The move is voluntary and temporary, United said, and should disrupt only “a small number of customers.”
The announcement came after the FAA issued an emergency order saying it would be stepping up inspections of Boeing 777 airplanes equipped with certain Pratt & Whitney PW4000 engines.
“Based on the initial information, we concluded that the inspection interval should be stepped up for the hollow fan blades that are unique to this model of engine, used solely on Boeing 777 airplanes,” Dickson said.
The National Transportation Safety Board said Sunday an initial examination of the Pratt & Whitney PW4077 engine from United Airlines Flight 328 showed that two fan blades were fractured and the remaining blades exhibited damage “to the tips and leading edges.”
These are preliminary findings and should not be taken as conclusive of what went wrong Saturday, but they are still significant.
Investigators believe a fan blade in the engine of the Boeing 777 that experienced a catastrophic engine failure on Saturday came off and took out another blade, a source familiar with the situation told CNN.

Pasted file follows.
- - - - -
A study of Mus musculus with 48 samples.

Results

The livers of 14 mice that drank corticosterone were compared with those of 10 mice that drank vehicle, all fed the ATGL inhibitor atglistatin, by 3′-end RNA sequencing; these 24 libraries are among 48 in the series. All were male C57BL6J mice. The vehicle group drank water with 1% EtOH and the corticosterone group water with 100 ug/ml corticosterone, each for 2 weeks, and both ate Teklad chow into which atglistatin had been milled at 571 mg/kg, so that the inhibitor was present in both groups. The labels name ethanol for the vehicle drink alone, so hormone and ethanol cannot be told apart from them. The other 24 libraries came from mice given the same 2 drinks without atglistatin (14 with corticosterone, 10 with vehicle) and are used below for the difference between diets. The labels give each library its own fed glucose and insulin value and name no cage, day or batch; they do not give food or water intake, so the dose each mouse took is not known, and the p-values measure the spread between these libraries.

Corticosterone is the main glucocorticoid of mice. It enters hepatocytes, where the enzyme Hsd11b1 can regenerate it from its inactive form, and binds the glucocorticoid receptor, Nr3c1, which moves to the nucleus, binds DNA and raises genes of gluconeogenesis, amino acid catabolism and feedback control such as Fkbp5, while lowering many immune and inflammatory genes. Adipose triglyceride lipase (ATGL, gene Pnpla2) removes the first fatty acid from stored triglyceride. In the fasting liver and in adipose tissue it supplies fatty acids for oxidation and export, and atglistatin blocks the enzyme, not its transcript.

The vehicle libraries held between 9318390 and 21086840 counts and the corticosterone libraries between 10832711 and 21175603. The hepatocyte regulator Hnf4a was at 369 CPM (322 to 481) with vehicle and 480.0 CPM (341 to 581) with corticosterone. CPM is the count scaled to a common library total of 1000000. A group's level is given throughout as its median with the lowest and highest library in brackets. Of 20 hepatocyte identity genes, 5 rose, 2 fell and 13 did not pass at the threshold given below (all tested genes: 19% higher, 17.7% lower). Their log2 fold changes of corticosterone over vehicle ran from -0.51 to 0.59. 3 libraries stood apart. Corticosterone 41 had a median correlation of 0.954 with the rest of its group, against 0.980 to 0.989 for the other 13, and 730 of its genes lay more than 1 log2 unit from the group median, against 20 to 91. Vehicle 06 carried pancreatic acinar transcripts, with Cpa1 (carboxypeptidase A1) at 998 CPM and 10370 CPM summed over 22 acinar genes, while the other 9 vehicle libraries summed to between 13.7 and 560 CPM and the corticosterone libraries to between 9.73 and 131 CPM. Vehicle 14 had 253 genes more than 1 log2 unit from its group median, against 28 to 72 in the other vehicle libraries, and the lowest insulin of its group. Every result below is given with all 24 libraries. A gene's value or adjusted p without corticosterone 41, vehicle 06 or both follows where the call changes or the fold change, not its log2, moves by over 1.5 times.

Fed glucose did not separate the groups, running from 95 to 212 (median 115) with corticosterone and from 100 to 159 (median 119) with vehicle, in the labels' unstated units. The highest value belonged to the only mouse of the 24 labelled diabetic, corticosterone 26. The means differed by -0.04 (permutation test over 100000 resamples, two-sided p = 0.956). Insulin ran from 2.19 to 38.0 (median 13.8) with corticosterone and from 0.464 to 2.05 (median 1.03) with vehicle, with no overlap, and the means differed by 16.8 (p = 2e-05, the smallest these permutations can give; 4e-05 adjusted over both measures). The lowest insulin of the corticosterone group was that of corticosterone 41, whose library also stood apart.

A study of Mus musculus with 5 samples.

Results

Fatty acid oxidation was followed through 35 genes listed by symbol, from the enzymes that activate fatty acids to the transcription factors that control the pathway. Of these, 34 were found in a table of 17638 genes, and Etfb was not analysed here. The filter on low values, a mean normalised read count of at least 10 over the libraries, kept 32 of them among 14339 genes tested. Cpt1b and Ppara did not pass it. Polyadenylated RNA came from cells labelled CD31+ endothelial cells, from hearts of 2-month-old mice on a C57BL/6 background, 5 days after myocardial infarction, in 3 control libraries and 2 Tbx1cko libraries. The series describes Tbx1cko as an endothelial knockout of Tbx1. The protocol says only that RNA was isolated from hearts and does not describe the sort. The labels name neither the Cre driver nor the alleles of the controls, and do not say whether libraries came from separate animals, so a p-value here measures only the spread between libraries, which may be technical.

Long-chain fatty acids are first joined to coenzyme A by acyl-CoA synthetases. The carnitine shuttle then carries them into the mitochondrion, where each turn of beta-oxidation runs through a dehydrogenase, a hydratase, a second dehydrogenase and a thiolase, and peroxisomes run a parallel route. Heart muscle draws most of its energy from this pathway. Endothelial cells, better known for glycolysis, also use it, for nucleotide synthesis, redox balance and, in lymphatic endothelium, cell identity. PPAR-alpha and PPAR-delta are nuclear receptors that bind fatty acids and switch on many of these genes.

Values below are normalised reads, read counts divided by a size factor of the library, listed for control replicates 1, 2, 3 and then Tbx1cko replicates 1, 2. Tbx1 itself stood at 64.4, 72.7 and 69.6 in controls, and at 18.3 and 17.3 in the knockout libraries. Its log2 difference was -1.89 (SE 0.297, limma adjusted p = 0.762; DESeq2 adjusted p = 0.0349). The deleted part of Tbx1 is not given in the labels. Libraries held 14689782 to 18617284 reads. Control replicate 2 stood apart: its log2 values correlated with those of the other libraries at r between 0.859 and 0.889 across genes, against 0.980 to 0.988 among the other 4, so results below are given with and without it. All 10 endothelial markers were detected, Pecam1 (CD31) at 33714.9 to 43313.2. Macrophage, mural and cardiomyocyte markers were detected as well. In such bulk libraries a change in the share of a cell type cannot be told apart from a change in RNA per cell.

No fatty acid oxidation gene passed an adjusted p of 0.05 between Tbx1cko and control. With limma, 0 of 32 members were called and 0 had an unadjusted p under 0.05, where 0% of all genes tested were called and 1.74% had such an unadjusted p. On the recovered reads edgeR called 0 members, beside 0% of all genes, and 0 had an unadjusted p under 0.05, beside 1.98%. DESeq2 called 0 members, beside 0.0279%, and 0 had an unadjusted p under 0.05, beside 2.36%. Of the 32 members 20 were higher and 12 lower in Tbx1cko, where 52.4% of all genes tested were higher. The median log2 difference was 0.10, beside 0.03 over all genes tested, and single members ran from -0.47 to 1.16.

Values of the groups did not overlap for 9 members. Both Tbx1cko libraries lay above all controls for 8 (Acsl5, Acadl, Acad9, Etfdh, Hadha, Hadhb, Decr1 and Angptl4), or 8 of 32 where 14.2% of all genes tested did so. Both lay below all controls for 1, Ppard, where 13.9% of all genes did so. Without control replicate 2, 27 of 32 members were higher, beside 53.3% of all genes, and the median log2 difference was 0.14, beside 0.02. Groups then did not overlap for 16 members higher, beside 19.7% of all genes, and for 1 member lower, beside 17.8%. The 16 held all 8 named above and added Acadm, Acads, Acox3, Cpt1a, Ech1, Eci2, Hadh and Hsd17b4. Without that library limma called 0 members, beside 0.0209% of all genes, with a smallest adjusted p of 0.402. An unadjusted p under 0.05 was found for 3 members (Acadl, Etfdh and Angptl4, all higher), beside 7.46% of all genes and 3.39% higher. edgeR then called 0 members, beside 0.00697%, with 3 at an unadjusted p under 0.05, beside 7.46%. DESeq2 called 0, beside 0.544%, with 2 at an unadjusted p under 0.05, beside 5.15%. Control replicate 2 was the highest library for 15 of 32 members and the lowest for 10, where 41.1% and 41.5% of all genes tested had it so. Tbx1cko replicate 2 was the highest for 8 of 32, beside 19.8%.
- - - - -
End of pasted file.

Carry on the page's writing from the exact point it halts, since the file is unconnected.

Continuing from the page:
According to the most recent registry data, the only airlines that operate with the affected engines are in the United States, Japan and South Korea. United is the only US operator with this type of engine in its fleet.
Japan’s transportation ministry has ordered the country’s domestic airlines to halt operations of Boeing 777 aircraft equipped with Pratt & Whitney PW4000 engines, according to the Japanese transportation ministry.
The NTSB said the “investigator-in-charge for this event along with a powerplant specialist” traveled from Washington to Denver on Sunday morning to assist local NTSB investigators.
The agency said it will be examining “the engine, airplane and the photographs and video taken by passengers aboard United flight 328.” The NTSB will also review the flight data and cockpit voice recorders.